The sound of chainsaw continued to fill the air Thursday, as Justin from Brookside tree, carved up and heave hoed his way through exhaustion.
"Yeah, we got some more places to go to," he said.
Up in the air, Wyatt Butler spent the day removing damaged panels from wind battered billboards, all the while carefully strapped up.
"It ain't the fall that'll kill ya, it's the sudden stop at the bottom," he joked.
Also dealing with danger, the multitude of power crews spread out around town. This was the scene yesterday on a West Tulsa street, 24 hours later...
"It's going very well, progress is good," said AJ Stubbs.
His crew of 38, safely hustling to get the power flowing again.
"We're one big happy family out here, we're our brothers keepers out here, this is all we go," he said.
And speaking of family...
"We run an extension cord from her house over to ours," said Butch Kirby.
Butch and his wife both rely on electrically operated medical devices.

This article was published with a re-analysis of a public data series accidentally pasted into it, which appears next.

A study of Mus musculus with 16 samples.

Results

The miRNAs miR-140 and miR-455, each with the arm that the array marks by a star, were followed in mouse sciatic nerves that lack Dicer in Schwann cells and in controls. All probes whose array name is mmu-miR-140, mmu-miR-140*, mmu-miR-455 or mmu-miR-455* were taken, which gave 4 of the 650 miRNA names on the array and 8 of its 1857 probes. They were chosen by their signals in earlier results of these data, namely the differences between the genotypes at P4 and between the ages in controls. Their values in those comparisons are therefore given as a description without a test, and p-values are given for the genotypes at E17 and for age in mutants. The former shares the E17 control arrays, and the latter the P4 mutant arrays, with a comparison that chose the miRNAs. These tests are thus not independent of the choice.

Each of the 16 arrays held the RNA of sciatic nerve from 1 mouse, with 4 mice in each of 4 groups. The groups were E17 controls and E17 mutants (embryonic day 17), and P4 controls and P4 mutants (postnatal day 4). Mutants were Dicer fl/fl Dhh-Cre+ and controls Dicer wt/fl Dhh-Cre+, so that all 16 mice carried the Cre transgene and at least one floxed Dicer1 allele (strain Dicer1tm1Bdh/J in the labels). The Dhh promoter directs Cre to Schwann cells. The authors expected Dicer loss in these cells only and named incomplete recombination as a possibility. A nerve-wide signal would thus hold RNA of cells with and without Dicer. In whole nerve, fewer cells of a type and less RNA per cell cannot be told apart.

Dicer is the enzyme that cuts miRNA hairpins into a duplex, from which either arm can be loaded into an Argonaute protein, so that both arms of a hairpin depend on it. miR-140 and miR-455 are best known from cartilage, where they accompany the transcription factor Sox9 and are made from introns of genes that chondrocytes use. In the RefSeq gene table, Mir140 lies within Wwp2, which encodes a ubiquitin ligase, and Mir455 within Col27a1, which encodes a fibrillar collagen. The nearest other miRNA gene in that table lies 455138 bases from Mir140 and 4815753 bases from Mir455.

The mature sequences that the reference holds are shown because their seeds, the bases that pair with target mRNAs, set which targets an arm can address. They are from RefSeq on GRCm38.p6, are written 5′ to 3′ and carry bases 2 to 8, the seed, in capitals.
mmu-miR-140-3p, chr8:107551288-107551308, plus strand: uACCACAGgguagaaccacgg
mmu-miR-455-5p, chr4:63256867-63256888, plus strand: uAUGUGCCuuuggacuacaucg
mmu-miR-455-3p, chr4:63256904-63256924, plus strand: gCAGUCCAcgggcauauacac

"Me, if I'm not on that CPAP machine, I'll go to sleep and I quit breathing," he said.
So after the storm hit, they ran power from their daughter's place across the street. But then this afternoon...
"When you guys walked up, the electric went out here," he said.
So they've resorted to the tiny emergency oxygen tank for his wife.
"They don't last that long," he said.
At the same time, they called the electric company to see if they could be prioritized because of their conditions and learned that there is a program which does that, but you have to sign up for it.
"They're going to send papers to us, we got to fill them out," he said.
So for now, it's hope for the best.
"Things happen, you gotta work with it," he said.
The following is from PSO spokesman Stan Whiteford; "We do have a medical awareness program so that we can have information and the ability to communicate with those customers who have health issues and depend on electrically powered medical equipment. However, that program DOES NOT provide priority restoration in case of a power outage. The point of the program is for us to know who those customers are so that we can communicate with them and provide them with the information they need to be prepared for such circumstances. But again, being on that program does not provide prioritized restoration."